Planned Parenthood of the Pacific Southwest's
Commitment to Black Communities
Planned Parenthood of the Pacific Southwest’s vision is a world where access to health care doesn’t depend on who you are or where you live, and where everyone has the opportunity to choose their own path to a healthy and meaningful life. To make this vision a reality, it is not enough to simply continue our existing equity and reproductive justice work; we must commit to specific actions to support Black communities in our region and we urge our supporters to engage in this work also.
Racism is a public health crisis. Public health by definition is built on the principle of saving lives and there has been no greater threat to Black lives than violence -- from blatant police brutality to centuries of policies that have systematically oppressed Black people to individual acts rooted in racism and white supremacy culture.
- We must confront how white supremacy of the past and present continue in the institutions we are a part of today — including our own organization.
- We acknowledge how the faults in our history have manifested today, including the implicit bias within our own organization, and recognize that this is part of the problem.
- We acknowledge that for decades, Black organizations and leaders, especially Black women, have been leading the work to advance racial and reproductive justice, and this commitment is meant to honor their calls to action.
Read more about the specific actions we commit to here.
This is the next step in our work to build a more equitable and just organization, movement and society and we recognize there is more we will need to do. If Black people are unable to exercise bodily autonomy, to live their daily lives — or protest the violence against their lives — without the fear of violence or murder, we can never achieve justice, let alone reproductive freedom.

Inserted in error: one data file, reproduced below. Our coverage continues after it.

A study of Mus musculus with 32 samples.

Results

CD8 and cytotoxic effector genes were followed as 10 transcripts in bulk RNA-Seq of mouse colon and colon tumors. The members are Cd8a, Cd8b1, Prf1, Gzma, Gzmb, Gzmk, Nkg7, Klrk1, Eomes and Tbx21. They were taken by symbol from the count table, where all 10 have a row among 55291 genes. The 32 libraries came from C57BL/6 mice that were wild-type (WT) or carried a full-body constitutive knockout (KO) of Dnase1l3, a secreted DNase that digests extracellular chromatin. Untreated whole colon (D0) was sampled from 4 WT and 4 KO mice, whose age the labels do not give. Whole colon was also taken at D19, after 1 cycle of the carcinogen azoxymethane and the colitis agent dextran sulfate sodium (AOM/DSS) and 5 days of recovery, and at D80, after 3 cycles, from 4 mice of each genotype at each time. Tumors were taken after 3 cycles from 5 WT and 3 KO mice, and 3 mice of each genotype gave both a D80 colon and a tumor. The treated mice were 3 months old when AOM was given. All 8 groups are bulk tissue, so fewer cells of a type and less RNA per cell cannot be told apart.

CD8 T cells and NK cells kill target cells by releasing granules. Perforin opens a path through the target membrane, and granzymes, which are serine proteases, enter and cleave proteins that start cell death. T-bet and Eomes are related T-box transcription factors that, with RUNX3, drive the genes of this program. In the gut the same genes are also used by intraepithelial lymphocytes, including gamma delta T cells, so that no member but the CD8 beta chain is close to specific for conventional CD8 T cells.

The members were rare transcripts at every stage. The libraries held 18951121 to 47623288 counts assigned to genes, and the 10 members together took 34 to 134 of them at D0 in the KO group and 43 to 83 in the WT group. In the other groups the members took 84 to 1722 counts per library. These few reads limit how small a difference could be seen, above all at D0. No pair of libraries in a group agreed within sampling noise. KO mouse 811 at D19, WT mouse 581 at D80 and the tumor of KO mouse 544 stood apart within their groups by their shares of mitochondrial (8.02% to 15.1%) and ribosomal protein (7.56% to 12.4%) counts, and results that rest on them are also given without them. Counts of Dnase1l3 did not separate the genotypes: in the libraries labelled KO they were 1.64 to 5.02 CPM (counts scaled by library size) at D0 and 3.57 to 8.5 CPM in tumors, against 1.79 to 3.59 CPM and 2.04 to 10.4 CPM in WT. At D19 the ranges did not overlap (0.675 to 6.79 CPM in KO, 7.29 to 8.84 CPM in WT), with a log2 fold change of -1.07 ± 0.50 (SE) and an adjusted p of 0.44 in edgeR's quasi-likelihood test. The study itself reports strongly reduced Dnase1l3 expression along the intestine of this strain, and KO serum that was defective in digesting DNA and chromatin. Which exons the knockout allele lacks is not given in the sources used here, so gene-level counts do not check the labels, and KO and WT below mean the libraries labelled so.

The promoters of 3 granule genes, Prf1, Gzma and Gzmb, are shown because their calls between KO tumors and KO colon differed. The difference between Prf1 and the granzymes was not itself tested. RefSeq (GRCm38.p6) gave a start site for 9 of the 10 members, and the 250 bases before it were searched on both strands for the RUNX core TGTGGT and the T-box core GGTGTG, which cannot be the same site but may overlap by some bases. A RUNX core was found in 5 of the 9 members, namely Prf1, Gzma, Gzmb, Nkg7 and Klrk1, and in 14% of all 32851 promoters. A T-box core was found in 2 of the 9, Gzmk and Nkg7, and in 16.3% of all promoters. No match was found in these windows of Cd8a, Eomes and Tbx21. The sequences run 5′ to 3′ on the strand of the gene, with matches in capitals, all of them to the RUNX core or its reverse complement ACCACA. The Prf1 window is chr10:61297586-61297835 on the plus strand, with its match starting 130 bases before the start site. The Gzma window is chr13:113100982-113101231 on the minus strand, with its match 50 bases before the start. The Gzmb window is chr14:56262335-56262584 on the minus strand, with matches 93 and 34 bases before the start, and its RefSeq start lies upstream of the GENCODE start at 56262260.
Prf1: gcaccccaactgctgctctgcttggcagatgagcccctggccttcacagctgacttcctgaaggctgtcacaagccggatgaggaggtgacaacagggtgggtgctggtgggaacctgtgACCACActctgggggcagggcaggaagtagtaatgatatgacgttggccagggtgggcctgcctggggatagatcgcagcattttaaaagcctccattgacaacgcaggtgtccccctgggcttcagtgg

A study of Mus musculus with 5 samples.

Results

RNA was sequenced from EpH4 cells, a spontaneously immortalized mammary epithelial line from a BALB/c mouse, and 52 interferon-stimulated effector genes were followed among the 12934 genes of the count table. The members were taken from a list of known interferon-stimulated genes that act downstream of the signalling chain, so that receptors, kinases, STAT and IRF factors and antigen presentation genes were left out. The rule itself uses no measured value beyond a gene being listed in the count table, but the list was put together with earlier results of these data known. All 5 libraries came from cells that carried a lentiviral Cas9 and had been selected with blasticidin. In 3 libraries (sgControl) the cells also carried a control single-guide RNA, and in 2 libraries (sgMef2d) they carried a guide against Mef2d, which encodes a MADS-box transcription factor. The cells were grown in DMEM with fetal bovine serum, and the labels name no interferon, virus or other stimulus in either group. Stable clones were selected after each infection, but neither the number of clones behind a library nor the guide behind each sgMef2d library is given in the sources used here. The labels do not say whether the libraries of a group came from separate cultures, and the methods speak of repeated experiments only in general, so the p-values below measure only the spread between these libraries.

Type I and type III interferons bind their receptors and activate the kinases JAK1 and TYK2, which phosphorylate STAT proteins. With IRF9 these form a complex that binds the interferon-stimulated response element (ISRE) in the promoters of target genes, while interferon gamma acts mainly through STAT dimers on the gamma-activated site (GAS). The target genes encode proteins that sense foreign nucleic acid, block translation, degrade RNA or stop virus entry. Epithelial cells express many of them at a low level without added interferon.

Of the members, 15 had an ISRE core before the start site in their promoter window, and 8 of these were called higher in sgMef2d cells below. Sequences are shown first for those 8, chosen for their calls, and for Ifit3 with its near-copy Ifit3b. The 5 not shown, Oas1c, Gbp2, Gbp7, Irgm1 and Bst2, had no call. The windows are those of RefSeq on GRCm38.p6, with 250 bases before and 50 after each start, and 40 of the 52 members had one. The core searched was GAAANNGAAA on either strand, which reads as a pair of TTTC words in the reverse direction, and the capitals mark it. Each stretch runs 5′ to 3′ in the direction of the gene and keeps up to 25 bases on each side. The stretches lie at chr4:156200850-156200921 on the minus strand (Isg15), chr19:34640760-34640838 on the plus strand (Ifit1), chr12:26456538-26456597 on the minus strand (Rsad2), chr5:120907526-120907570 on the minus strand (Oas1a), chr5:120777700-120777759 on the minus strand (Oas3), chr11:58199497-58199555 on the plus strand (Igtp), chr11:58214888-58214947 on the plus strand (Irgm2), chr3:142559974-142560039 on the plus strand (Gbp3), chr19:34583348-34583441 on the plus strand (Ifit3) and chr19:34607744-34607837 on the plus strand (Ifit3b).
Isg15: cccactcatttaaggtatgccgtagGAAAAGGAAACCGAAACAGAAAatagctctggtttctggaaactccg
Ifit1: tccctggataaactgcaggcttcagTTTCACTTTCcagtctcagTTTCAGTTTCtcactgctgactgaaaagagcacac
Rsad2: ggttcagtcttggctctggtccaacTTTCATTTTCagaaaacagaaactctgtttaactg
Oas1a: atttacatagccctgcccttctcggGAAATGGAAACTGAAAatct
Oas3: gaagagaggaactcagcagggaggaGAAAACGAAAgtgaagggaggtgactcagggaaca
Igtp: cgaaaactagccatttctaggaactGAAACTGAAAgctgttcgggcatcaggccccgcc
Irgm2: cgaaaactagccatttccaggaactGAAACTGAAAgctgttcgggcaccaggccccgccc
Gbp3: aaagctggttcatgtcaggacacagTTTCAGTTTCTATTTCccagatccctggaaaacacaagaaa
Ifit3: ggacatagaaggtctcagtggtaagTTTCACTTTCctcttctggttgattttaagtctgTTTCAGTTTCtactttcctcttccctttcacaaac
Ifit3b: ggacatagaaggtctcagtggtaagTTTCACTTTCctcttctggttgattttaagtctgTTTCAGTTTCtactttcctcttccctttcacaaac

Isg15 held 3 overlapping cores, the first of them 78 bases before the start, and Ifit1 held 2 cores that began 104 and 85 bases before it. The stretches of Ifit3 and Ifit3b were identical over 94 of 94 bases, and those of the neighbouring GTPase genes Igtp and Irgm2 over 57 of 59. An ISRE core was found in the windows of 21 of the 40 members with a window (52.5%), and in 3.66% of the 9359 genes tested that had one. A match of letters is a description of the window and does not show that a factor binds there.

Part of being an ally is educating ourselves and our families on the history of systemic racism and the context surrounding recent protests. The links below can help you find resources to support you, acknowledging that we each come to these conversations from our own lived experience.
- General anti-racism resources, including tools for raising anti-racist kids
- How the Non-Black Latinx Community Can Demand Racial Justice
- Resources for Having Conversations with Spanish speaking folks about Anti-Blackness
- Asian American Racial Justice Toolkit
- MuslimARC’s toolkit for non-Black Muslims about #BlackLivesMatter
- 31 Children's books to support conversations on race, racism and resistance
- Accomplices Not Allies: Abolishing the Ally Industrial Complex from Indigenous Action
- 30-Day Challenge to help white people explore how being white shaped their experience
There are many ways to support Black communities, and protesting is a way of showing up on the frontlines for the community. Whether you are organizing or attending a protest, here are some resources to keep you informed on your rights and tips for protesting.
Silence = Violence. Taking action looks different for everyone. Here are several ways you can show your support:
- Demand justice for Breonna Taylor
- Demand justice for Tony McDade
- Reach out to your elected officials about racial injustice
- Commit to educate yourself. Whether you prefer to watch something, read, or listen – here’s a great place to start.
We share some of the actions we’ve already taken not to pat ourselves on the back but to hold ourselves accountable to our supporters and the communities we serve.
- Allocated $93,000 to Black-led organizations across our three-county region doing a variety of work from housing to criminal justice reform to services for Black gay men.
- We’ve changed our new-hire materials to address the history of racism in sexual and reproductive health care and Planned Parenthood’s past and give new staff tools for responding effectively.
- All staff are completing interactive training on unconscious bias: what it is plus how to recognize and address it in ourselves
- We have committed resources to support our important DEI work, including two full-time staff, a 12-person DEI Council that meets monthly to guide our work, and Employee Resource Groups open to all staff.
- We started an in-depth health equity project to identify any disparities in access, outcomes and experience among our patients based on race, age and sexual orientation.